By Stacey Keenan -- Daily Staff Correspondent
WINCHESTER -- Even though America's favorite groundhog recently saw his shadow and quietly informed his fans of six more weeks of winter, the fluctuating temperatures are a reminder that spring will arrive soon. That means it's time to clear the cobwebs, organize the storage shed and begin planning this year's garden.
An upcoming program at the Museum of the Shenandoah Valley could be just the place to start. The museum's first gardening workshop of the year, which takes place on Feb. 28, will focus on grafting methods.
"Grafting is the idea of taking the top of one plant and putting it on the roots of another plant. It's taking a plant with a weak rootstock and putting it onto a stronger rootstock. It's a faster way to propagate," says Mary Stickley, manager of gardens and grounds at the museum. "We'll be showing what grafting is by using fruit trees, because that's the easiest way to show how to do it."
Grafting is often used as a means to propagate, or produce new plants, in the ornamental industry, with such plants as roses, lilacs and red Japanese maples. Grafting is also used in the orchard industry.
"If you have a variety of apples that are no longer popular and you want to switch to a new kind, instead of taking out all the trees, waiting for the land to turn over and waiting for the new trees to grow, you can cut off the old branches and graft branches of the new variety onto the old. You'll have fruit within two to three years instead of five to six," says Stickley.
For homeowners, grafting is a way to produce lots of varieties quickly and in a small amount of space. For instance, homeowners can produce peaches, pears and plums on one tree by grafting one branch of each type of fruit tree onto one rootstock.
While there are a number of ways to graft fruit trees, the museum's workshop will teach participants about two specific methods, bud grafting and bench grafting.
Bud grafting, as its name implies, involves taking the bud from one type of tree and grafting, or attaching, the bud to another tree. To illustrate this method, participants will use pear trees. Stickley hopes to have several heirloom varieties for participants to choose from.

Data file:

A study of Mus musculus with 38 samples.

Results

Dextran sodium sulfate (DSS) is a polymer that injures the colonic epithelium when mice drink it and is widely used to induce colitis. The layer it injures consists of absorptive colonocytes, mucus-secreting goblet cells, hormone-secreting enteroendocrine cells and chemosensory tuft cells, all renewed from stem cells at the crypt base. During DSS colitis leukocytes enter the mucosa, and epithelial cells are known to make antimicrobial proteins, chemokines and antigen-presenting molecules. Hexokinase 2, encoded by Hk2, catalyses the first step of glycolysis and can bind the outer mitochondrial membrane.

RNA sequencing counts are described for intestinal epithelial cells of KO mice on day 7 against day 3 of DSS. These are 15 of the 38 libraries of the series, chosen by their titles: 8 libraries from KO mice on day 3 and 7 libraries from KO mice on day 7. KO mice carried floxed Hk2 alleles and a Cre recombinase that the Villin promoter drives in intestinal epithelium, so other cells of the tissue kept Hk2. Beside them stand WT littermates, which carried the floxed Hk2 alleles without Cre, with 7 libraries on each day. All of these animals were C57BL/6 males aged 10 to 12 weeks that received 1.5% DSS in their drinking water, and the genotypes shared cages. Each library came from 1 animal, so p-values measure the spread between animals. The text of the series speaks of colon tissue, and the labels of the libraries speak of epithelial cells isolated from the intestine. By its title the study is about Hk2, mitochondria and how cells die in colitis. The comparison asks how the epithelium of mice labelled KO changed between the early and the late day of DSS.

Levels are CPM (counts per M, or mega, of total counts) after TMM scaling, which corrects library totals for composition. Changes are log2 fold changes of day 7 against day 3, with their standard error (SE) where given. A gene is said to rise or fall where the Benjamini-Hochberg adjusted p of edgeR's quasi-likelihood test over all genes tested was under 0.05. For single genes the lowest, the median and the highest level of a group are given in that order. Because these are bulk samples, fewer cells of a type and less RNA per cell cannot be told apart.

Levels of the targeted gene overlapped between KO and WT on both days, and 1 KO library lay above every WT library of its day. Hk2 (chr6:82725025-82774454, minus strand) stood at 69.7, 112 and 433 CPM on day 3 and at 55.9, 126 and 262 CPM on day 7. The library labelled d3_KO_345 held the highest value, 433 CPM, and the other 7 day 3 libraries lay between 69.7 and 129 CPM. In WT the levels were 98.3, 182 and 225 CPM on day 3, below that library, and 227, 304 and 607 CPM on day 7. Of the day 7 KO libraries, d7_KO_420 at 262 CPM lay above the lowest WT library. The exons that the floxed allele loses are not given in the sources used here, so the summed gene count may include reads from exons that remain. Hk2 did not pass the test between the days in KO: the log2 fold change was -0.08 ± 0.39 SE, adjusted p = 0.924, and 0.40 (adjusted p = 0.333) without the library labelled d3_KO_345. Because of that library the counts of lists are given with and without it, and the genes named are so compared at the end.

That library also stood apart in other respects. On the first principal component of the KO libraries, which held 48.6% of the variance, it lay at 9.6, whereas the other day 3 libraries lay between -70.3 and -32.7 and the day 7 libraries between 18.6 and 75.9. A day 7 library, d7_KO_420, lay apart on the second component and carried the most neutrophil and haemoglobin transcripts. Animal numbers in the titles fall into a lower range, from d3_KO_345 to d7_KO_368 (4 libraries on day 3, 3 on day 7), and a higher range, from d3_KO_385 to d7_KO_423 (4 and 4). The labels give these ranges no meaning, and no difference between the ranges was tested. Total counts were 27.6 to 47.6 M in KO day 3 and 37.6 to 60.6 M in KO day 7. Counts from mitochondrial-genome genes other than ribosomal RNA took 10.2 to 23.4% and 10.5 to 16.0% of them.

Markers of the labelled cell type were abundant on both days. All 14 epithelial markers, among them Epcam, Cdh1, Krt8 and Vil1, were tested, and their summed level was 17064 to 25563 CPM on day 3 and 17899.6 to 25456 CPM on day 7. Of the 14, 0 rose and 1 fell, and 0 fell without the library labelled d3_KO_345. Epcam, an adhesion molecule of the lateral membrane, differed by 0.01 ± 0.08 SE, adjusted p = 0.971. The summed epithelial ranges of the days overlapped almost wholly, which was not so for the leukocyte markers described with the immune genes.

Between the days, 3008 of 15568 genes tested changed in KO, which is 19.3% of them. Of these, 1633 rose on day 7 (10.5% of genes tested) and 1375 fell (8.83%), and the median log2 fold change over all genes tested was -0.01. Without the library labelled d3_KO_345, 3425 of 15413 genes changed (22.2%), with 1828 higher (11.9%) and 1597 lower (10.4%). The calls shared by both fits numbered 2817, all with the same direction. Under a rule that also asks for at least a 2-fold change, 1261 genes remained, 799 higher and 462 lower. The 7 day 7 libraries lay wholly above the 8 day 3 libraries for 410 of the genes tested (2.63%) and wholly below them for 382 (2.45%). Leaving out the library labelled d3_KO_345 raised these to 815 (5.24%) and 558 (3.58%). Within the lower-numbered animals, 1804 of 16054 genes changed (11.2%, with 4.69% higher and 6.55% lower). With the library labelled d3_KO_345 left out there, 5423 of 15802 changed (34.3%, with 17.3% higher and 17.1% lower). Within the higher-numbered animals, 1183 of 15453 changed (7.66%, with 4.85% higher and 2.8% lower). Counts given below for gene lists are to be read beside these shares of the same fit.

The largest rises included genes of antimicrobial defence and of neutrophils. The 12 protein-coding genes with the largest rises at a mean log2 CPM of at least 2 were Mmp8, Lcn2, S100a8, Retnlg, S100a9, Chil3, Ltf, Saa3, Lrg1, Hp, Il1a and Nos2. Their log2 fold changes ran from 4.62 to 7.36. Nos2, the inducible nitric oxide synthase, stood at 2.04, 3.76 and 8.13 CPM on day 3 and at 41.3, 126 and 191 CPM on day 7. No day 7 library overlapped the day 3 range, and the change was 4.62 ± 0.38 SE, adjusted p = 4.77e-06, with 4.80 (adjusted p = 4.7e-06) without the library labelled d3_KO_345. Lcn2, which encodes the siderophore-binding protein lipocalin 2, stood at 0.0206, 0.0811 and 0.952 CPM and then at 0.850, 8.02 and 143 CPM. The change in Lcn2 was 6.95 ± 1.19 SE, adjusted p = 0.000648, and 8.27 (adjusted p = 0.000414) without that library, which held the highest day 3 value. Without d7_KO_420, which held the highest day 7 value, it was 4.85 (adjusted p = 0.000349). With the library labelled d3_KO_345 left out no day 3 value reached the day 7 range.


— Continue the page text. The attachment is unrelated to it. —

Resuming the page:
"[Participants] will take a living pear tree and graft a bud from a nicer pear tree onto it," says Stickley. "This is normally done in late summer, when it's warmer and the plant is actively growing, but we're doing it now just to show how to do it."
Bench grafting involves cutting off the top of the root stock of one tree, cutting a slit into it, then taking the stems from another tree, placing them into the slits of the first tree and sealing up the slits. Participants will choose from varieties of apple trees to learn this method of grafting.
"This method is normally done this time of year," says Stickley.
Participants will leave the workshop not only with the skills to practice grafting, but also with two grafted fruit trees to plant in their gardens at home.
"Plants need special care sometimes if they've been grafted, so we'll go over the care of grafted plants," says Stickley.
The workshop will be led by Raul Godinez, who owns Countryside Nurseries and who has raised grafted fruit trees for clients in Pennsylvania, Maryland and Virginia for more than 20 years.
"He is originally from Washington state. He has a nursery, where he does his own stock and grafts for people all over the country. He's been grafting for 20 to 25 years, and does a huge variety of plants," says Stickley.
The Museum of the Shenandoah Valley's Garden Workshop, Grafting Methods, begins at 10 a.m. on Feb. 28 in the museum's learning center. Seating is limited, and registration is required by Feb. 23. The cost is $35 for museum members and $45 for nonmembers. All materials are provided. For more information or to register, call (888) 556-5799, ext. 222, or e-mail registration@ShenandoahMuseum.org.